Aybar had a career year at the plate, leading the club with a .312 batting average to go along with a .353 on-base percentage, after entering the season with a .262 career batting average and .298 on-base percentage.
His speed also emerged, as he finished third in the American League in triples with nine and stole a career-high 14 bases, even though it's something he should improve upon with experience.
And perhaps most importantly, he bounced back from a tough ALDS last season, when he finished 2-for-18 against the Red Sox, to have an impressive series this year when he went 4-for-11, including a crucial two-run triple in Game 2 and a single in the ninth inning with two outs in Game 3 that set the stage for the Angels' dramatic comeback.
It was a great sign for the 25-year-old, who entered the season as a question mark offensively but developed into one of the better-hitting shortstops in the AL to go along with his excellent fielding.
Aybar's fielding has never been the problem; he is one of the quickest and rangiest shortstops around with a cannon of an arm. This season, he was rated as one of the game's top shortstops by just about every standard out there -- he finished the season tied for seventh in the Majors in fielding percentage, and also finished sixth in the Majors in the advanced defensive metric of Ultimate Zone Rating.
In short, Aybar has proved to be the total package for the Angels this year and just experienced his first taste of postseason success at the plate to go along with it.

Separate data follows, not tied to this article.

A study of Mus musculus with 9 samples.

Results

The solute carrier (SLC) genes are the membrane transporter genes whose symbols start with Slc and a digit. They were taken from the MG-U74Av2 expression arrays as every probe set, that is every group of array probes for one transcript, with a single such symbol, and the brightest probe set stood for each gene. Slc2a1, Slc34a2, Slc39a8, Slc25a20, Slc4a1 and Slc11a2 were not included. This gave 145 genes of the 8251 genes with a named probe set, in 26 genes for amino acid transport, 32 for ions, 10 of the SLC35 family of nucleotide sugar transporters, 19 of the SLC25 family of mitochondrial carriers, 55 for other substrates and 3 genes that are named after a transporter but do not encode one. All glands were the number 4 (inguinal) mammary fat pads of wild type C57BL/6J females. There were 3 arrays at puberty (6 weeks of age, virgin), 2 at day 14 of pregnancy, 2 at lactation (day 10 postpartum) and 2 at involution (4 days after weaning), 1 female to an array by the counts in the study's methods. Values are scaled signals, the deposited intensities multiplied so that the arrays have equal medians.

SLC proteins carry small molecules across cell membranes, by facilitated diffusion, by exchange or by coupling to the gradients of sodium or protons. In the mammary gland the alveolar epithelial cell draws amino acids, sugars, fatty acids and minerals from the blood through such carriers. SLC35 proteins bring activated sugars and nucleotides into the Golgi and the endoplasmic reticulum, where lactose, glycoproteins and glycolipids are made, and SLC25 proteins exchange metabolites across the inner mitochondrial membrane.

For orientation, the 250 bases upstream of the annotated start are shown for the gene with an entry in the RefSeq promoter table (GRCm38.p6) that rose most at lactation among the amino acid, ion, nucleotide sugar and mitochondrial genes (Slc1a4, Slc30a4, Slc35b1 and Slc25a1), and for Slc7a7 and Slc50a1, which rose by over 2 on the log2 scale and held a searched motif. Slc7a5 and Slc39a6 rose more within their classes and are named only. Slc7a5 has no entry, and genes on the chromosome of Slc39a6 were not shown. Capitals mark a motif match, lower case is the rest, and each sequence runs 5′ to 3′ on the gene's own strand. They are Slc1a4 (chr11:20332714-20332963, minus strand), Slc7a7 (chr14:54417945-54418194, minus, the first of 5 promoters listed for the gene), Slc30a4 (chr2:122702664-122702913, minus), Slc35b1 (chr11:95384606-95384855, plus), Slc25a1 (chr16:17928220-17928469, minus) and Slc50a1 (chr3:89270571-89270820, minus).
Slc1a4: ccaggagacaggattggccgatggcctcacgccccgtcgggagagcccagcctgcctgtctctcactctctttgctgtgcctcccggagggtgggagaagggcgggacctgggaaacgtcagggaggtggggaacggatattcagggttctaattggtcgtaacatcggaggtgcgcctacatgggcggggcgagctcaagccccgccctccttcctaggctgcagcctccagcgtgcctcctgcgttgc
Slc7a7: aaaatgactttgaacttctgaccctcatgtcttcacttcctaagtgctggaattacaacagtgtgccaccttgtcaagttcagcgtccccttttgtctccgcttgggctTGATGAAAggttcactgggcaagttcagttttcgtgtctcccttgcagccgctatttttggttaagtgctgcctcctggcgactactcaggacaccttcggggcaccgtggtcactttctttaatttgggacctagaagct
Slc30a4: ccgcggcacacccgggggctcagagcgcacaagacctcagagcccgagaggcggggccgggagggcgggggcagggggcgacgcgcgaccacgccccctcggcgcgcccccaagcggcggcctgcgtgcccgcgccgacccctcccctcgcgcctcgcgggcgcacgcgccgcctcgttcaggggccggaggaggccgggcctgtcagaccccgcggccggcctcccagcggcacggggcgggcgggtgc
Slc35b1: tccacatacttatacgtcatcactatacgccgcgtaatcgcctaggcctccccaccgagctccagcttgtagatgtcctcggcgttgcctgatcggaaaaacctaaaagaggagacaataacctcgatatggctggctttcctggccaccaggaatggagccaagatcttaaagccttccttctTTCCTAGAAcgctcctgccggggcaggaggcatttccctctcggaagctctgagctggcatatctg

.334, 18 HR, 66 RBIs
Jeter has a knack for seemingly being in the right place at the right time, especially when the lights are brightest in the postseason.
Few will forget Jeter's heroics -- the big homer in Game 4 of the 2001 World Series, the "flip" play in the ALDS that same year and the fact that he is baseball's all-time leader in the postseason with 157 career hits, 89 runs and 126 games played. He lived up to his reputation in the ALDS, hitting .400 with two doubles and a home run against the Twins. His homer in Game 1 helped erase a 2-0 deficit and got the Yankees rolling toward a 7-2 win.
The Yankees captain put together another outstanding offensive season, compiling an .871 OPS (on-base plus slugging). It is no exaggeration to say that Jeter is a hit machine at the plate. He ranked second in the Majors with 212 hits, and he surpassed Lou Gehrig for most hits in franchise history with a single to right on Sept. 11 against the Orioles.
Keeping Jeter off base at the top of the lineup will be a priority for the Angels, but it won't be easy, as he was third in the AL in on-base percentage (.406). The Angels can't afford to go to sleep on him when he does reach. Though he is getting up there agewise, Jeter is still spry on the bases. In 35 steal attempts this year, he was successful 30 times.
The rap on Jeter from some in the sabermetric community is that he is a below-average defender, but 2009 was perhaps his finest with the glove. The Fielding Bible has Jeter being a plus-5, which means he saved nearly four runs with his defense. And as he proved in that 2001 ALDS or in Game 3 of this year's ALDS, when his heads-up throw home ended up catching Nick Punto napping at third to snuff out a Twins rally, no one is better at being in the right spot or making the correct decision.